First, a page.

With its current class charging through high school, the “I Have a Dream” Foundation—Idaho is doubling down, pledging to sponsor post-graduate education for another class of kids within two years.
They’ll get the same promise that each of the 46 current participants got as fourth-graders at Alturas—then called Woodside—Elementary School in 2012: Graduate from high school and receive a two-year scholarship toward whatever education comes next. For 92 percent of them, they’d become the first in their families to attend college.
The second class will enter under new leadership. Laura Rose-Lewis will take over as executive director on Sept. 1, tasked with keeping the current group on track, and bringing new ones on board.
“I am thrilled to join IHAD to further its mission in providing academic, social and emotional support to under-resourced youth,” Rose-Lewis said in a written statement. “We can support our adopted classes from early elementary school through high school and college/trade school with guaranteed tuition support.”
Along with tuition comes academic and social support, from Program Director Pamela Donoso and former Executive Director Kris Stoffer, an adolescent psychologist who will continue to work with students as a consultant.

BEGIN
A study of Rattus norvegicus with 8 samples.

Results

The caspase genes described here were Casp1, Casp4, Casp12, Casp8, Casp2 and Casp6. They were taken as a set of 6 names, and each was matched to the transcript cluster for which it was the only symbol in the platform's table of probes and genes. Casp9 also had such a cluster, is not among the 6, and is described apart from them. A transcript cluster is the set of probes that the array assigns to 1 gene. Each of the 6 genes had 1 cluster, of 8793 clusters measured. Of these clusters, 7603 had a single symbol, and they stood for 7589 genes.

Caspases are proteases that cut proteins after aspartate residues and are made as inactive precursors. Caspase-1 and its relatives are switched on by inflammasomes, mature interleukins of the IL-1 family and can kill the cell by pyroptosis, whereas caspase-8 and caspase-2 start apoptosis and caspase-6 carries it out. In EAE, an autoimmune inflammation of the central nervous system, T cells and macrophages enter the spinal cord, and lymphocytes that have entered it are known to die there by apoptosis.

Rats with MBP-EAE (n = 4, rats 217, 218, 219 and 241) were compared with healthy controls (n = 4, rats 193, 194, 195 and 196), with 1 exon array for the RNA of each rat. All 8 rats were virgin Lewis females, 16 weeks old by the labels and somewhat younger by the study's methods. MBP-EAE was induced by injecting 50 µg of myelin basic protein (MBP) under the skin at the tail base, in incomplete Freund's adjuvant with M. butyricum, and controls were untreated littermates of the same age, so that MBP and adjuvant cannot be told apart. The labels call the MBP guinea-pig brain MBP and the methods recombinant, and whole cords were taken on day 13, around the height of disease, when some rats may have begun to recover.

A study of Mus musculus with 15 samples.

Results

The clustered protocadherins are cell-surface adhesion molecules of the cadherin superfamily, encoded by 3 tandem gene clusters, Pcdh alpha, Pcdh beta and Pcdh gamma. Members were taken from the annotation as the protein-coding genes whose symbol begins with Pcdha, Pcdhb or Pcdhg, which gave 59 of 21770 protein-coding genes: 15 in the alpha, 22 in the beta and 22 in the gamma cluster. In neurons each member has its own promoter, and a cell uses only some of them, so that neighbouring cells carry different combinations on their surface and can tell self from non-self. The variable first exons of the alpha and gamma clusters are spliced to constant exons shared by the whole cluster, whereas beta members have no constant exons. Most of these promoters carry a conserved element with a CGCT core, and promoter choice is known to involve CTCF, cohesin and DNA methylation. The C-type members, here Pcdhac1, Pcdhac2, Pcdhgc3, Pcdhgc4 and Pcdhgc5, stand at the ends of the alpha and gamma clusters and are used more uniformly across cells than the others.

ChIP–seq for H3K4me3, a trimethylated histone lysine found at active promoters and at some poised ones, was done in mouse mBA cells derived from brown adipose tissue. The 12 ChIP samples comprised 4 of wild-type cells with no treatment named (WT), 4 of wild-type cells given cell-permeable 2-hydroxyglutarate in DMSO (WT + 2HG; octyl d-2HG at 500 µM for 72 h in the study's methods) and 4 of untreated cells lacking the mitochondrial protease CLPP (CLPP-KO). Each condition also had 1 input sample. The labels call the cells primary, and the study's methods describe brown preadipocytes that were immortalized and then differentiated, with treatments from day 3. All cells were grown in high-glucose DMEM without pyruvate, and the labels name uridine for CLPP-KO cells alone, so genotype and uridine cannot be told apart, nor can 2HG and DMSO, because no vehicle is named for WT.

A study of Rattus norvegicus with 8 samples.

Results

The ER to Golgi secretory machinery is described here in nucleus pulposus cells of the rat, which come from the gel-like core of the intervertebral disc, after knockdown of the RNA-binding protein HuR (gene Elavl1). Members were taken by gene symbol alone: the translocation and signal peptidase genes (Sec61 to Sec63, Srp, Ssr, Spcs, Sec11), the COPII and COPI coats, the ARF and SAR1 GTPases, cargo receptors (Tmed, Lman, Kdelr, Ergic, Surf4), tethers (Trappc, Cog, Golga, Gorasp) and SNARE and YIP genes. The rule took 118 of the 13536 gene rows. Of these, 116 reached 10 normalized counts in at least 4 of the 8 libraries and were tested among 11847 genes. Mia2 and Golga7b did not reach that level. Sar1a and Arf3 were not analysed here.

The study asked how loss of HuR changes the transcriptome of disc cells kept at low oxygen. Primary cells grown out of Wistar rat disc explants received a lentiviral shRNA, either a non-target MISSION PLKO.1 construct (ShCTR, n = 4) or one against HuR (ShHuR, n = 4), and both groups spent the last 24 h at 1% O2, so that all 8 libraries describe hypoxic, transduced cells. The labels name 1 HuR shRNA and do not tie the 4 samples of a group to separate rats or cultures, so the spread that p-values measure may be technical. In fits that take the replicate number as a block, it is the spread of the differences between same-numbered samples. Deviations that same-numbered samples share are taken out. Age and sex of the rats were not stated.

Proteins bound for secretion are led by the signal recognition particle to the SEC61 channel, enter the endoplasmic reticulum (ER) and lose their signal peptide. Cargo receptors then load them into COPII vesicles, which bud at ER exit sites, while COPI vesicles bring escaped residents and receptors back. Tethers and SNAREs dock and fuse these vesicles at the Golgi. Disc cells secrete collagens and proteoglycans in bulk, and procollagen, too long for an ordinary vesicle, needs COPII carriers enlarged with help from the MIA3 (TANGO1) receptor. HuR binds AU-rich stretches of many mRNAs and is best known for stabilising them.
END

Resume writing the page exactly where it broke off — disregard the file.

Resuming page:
In 2017, Donoso won a pair of national awards for her work; her students recorded the highest GPA and average attendance rate of any middle school across the foundation, which has 16 chapters across 11 states and New Zealand.
This summer, she and Stoffer facilitated a “credit recovery” program for students to make up for incomplete or unsatisfactory coursework during their ninth-grade year. Thirteen students took advantage of it, meaning they started sophomore year at grade level.
Overall, five Dream Scholars posted grade point averages over 3.7 to start high school, and 20 topped a 3.0.
“We have some great kids,” board Chairman Brent Robinson said.
Two were honored nationally: Mariyah Cueva and Bayro Llantoy won awards in a nationwide “I Have a Dream” Foundation essay contest, and were recognized at the organization’s University Prep Conference in July.
And seven won awards for work during their first year at Wood River High School: Llantoy, Jason Cox, Chloe Deffe, Eduardo Escalera, Yohenny Giron, Janileth Ruiz and Nick Fehr. Fehr took home one of the school’s top P.R.I.D.E awards for his “positive attitude, influence and example.”
Blaine County has the only “I Have a Dream” organization in the state. In 2012, Ken Lewis—currently president emeritus of the board of directors—brought with him to Idaho his experience with the foundation in New York and Oregon. The part-time Elkhorn resident backed the program with a pledge: $100,000. Since, he’s added another $400,000. Between paying for scholarships and financing the accompanying after-school program, that alone is about half of what the foundation needs to complete its mission for the first group.
“Our mission states, ‘Given equal access to resources, all children can realize their innate potential and achieve their dreams,’” Rose-Lewis said. “We are eager to adopt another Dream Scholar class within two years to expand our support to Blaine County youth.”